One of the largest commercial banks in Mauritius, today the Mauritius Commercial Bank (MCB) has become an increasingly regional brand, receiving almost half its profits from abroad with plans on increasing this share as it expands into Africa. This ratcheting up of income will partially come by tapping the continent’s lucrative energy and commodities industries, underpinned by MCB’s network of correspondent banks and representative offices in Africa. CEO of MCB Alain Law Min explains his expansion strategy, how digitalization has transformed how his customers do business, the economic impact of the banking sector, and where he believes his country is heading next.
What are MCB’s expansion plans and what industries are you targeting for investment to help power this growth?
MCB already does business with an extensive range of countries in Africa and the Indian Ocean region, including Ghana, Senegal, Zambia, Nigeria, Togo, the Seychelles and the Maldives. Now we are aiming to increase our share of foreign-sourced income – which was around 49% of net profit during FY 2017/18 – and help position the Group as a financial hub in Africa. Looking ahead, a key strategic orientation of MCB is to broaden its frontiers. Amongst our key focus areas, we notably aspire to deepen our energy and commodities activities on the continent. MCB is also planning to further tap into the Group’s presence in the Seychelles, Madagascar, the Maldives and Mozambique. Moreover, we plan to leverage our representative offices in Johannesburg and Nairobi, as well as our wide network of around 1,300 correspondent banks globally, which include some 225 in Africa.
Can you give us an example of how rapid digitization is influencing your business?
Today, some 90% of transfers by individual customers are carried out via digital channels. They include our ‘Juice’ mobile banking service, which notably allows card-less ATM transactions, transfers to any Visa cardholder worldwide, and access to selected PayPal services. In reaction to digitization trends, MCB recently launched its Digital Factory, an incubator tasked to improve customer experience and redesign tech solutions. Overall, new technology initiatives like these that are being put into place will enable the MCB to firmly embed automation and technology in all of its operations.
How would you gauge the impact of the finance sector in Mauritius today?
In 2017, the industry made up 6.9% of our GDP. By virtue of its size, the sector plays a meaningful role in supporting our economy and promoting the well-being of our communities via the banks’ CSR programmes. During the past five years, the banking industry posted an average annual real growth rate of around 6% in value-added services. The industry is well capitalised as per Basel III rules: overall capital adequacy ratio stood at 17.2% as at June 2018, which is well above the regulatory requirement. The industry’s gross non-performing loans ratio stood at 6.7% as at March 2018. Mauritius is today ranked 25th worldwide with respect to its financial system, as per the latest Global Competitiveness Report of the World Economic Forum. It is well positioned to play a more prominent role in Africa, leveraging the positioning of Mauritius as a gateway for channelling trade and investments between the African and Asian continents.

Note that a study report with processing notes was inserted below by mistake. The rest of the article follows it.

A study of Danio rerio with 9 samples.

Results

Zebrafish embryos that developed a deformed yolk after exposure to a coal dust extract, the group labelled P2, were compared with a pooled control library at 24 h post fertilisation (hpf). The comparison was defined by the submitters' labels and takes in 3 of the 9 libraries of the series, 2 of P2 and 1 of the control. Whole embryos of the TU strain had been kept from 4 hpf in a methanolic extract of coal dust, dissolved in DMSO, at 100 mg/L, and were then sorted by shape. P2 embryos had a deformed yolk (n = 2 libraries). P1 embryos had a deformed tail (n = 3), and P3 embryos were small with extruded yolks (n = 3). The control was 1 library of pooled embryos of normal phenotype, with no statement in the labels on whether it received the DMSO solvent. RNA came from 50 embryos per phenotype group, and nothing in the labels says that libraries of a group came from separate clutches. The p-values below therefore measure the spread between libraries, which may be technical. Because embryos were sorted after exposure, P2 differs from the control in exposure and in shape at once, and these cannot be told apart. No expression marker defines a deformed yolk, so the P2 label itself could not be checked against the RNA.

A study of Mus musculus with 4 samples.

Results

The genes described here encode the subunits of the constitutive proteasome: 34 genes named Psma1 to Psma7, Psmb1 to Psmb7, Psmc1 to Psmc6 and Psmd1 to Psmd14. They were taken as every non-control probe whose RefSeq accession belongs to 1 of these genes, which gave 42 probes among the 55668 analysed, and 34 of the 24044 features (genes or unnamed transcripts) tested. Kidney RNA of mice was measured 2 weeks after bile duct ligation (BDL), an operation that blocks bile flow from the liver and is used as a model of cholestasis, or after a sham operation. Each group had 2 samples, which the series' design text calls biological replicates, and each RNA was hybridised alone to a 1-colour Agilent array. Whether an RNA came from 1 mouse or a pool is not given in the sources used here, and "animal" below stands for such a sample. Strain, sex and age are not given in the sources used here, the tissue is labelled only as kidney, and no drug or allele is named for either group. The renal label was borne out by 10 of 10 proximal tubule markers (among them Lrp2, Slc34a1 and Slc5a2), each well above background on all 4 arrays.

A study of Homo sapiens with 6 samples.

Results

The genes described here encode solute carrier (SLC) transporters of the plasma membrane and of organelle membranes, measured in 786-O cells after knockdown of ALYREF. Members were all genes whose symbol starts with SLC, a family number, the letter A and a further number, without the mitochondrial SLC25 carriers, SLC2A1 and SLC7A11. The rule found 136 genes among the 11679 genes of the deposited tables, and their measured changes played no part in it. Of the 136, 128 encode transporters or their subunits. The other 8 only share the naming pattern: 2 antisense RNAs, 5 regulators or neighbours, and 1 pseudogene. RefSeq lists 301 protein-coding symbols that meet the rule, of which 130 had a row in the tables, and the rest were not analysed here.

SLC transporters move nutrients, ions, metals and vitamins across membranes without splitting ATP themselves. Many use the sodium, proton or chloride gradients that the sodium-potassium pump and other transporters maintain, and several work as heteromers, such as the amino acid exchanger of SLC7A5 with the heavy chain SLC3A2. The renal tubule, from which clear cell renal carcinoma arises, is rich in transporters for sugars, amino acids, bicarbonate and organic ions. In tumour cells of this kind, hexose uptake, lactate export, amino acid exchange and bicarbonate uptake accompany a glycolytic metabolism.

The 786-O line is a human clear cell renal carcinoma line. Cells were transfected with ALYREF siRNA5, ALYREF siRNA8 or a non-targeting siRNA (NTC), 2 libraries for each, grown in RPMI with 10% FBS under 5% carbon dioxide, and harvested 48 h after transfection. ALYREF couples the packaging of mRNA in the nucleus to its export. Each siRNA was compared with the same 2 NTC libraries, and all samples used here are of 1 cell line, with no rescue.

After achieving so much, what would you prescribe that Mauritius needs to do to maintain its reputation as an “economic miracle”?
For Mauritius to realize its socio-economic ambitions, it is imperative to adopt the necessary economic policies that will enable our economy to tackle structural bottlenecks, be more productive and enhance its international competitiveness. Major emphasis should be laid on encouraging our businesses to embrace high-end technologies and digitalization. All supporting economic initiatives should also be geared towards entrenching a robust institutional and legal environment, aspects that Mauritius needs to continue to excel at. Looking abroad, Mauritian businesses have much to benefit from our greater openness to contracting foreign talent and expertise amongst others. We need to further encourage members of the Mauritian diaspora to contribute meaningfully to value creation in their homeland; this would be a major step forward for the nation. Mauritius should also be able to further diversify its markets, with key focus on pursuing its Africa strategy. With these items in mind, Mauritius can increasingly position itself as a vibrant regional economic hub and an International Financial Centre of repute that is ideal for channelling trade and investment flows between Asia and Africa.